KUALA LUMPUR, Malaysia – Malaysia’s government said Friday it has picked Christoph Mueller, the chief executive of Ireland’s Aer Lingus, as the new head of its beleaguered flag carrier, Malaysia Airlines.
He will be the first ever foreigner to head Malaysia Airlines, which was struggling with chronic financial problems before it was further hit this year by two deadly jet disasters.
State investment arm Khazanah Nasional, the parent company of Malaysia Airlines, said discussions are ongoing for Mueller to start work before his contract with Aer Lingus ends May 1 but “no earlier than March 1.”
Khazanah in August announced a $1.73 billion overhaul, which includes delisting the airline by year-end and cut 6,000 workers, or 30 per cent, of its current workforce of 20,000.
Mueller will be the CEO of a new company that will be launched in July 2015 to take over the existing Malaysia Airlines business and its reduced staff under the revamp.
“It is imperative that we have the best available talent with the expertise and experience to help drive the progress of the restructuring effort further forward,” Prime Minister Najib Razak said in a statement. “The government is committed to seeing through the complete overhaul of (the airline) to its successful conclusion.”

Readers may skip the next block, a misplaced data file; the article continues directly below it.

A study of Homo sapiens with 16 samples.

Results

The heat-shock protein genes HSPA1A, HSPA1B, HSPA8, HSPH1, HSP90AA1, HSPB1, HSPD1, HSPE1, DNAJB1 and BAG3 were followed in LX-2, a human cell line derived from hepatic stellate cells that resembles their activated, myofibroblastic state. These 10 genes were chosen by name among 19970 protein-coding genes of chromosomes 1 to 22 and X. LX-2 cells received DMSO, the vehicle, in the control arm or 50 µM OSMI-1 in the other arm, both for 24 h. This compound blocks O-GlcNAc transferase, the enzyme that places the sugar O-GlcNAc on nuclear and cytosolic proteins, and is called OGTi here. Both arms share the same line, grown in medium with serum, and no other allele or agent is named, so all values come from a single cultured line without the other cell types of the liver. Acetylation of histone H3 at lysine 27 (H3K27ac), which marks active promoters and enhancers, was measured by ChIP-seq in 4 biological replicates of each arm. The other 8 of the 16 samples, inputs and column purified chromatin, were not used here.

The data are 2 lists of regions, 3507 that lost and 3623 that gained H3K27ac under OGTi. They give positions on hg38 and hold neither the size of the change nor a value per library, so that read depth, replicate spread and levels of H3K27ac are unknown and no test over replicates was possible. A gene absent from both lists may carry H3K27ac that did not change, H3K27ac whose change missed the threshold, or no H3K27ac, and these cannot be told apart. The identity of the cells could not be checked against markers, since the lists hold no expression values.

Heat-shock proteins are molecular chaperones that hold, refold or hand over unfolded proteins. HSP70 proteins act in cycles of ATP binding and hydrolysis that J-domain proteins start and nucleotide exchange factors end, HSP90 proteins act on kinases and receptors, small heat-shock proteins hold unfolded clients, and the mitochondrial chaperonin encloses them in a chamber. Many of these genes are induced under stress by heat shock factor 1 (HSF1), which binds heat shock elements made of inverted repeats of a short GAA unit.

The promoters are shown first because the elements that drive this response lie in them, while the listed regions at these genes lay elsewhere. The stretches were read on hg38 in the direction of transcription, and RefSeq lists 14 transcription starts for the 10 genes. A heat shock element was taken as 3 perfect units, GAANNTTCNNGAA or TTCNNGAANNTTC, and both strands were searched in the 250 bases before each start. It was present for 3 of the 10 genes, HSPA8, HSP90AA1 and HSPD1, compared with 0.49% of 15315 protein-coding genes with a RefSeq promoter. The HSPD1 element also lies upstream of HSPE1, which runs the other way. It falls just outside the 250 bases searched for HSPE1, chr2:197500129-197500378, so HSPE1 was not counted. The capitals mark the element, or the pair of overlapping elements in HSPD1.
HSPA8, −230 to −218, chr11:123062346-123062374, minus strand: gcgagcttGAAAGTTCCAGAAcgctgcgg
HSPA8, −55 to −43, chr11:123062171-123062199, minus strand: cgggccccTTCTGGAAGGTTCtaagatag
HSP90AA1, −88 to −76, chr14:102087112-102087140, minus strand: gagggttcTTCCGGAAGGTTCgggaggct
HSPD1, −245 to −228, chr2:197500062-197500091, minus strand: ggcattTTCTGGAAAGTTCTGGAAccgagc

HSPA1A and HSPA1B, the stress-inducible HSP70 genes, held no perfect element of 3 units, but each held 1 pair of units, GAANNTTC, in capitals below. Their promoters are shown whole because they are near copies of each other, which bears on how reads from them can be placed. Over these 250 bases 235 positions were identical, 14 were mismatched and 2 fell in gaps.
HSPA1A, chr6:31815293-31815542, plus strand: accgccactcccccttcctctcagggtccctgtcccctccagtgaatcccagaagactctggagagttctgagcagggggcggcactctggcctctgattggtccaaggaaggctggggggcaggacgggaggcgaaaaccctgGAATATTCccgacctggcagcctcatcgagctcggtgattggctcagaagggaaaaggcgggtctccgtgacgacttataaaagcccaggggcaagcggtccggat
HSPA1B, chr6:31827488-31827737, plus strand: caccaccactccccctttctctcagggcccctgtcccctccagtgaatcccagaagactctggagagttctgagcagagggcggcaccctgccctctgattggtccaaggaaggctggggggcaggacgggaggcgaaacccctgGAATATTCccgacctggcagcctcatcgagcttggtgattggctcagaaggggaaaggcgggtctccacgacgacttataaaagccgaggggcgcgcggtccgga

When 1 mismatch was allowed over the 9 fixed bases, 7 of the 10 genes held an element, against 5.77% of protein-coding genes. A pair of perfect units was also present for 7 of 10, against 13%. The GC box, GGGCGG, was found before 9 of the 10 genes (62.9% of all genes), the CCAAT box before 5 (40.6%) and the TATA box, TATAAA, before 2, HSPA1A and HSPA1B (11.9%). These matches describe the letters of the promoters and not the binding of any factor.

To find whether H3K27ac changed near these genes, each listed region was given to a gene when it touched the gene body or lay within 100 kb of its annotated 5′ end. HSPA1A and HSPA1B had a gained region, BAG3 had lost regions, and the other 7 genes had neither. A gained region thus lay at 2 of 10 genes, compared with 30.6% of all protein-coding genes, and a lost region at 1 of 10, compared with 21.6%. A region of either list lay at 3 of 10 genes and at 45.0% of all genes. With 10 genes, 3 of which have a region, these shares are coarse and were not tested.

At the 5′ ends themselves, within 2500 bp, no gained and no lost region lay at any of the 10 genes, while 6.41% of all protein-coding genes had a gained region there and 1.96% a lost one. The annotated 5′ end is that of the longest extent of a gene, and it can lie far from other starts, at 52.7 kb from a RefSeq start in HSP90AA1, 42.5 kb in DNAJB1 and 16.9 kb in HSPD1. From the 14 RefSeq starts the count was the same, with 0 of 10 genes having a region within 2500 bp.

Mueller has been CEO of Aer Lingus since 2009, helping to turn around the Irish airline within a year despite tepid market conditions.
Khazanah aims to restore Malaysia Airlines to profitability by the end of 2017 and then relist its shares on the stock exchange by the end of 2019.
The airline’s business has suffered after a Malaysia Airlines jet with 239 people on board, mostly from China, went missing March 8 while en route to Beijing. No trace of it has been found. In July, a Malaysia Airlines jet was shot down over Ukraine, killing all 298 people on board.
Last week, in its last public financial result before the privatization and overhaul, the flag carrier said its net loss in the July-September quarter rose 53 per cent from a year earlier to 576.1 million ringgit ($166 million).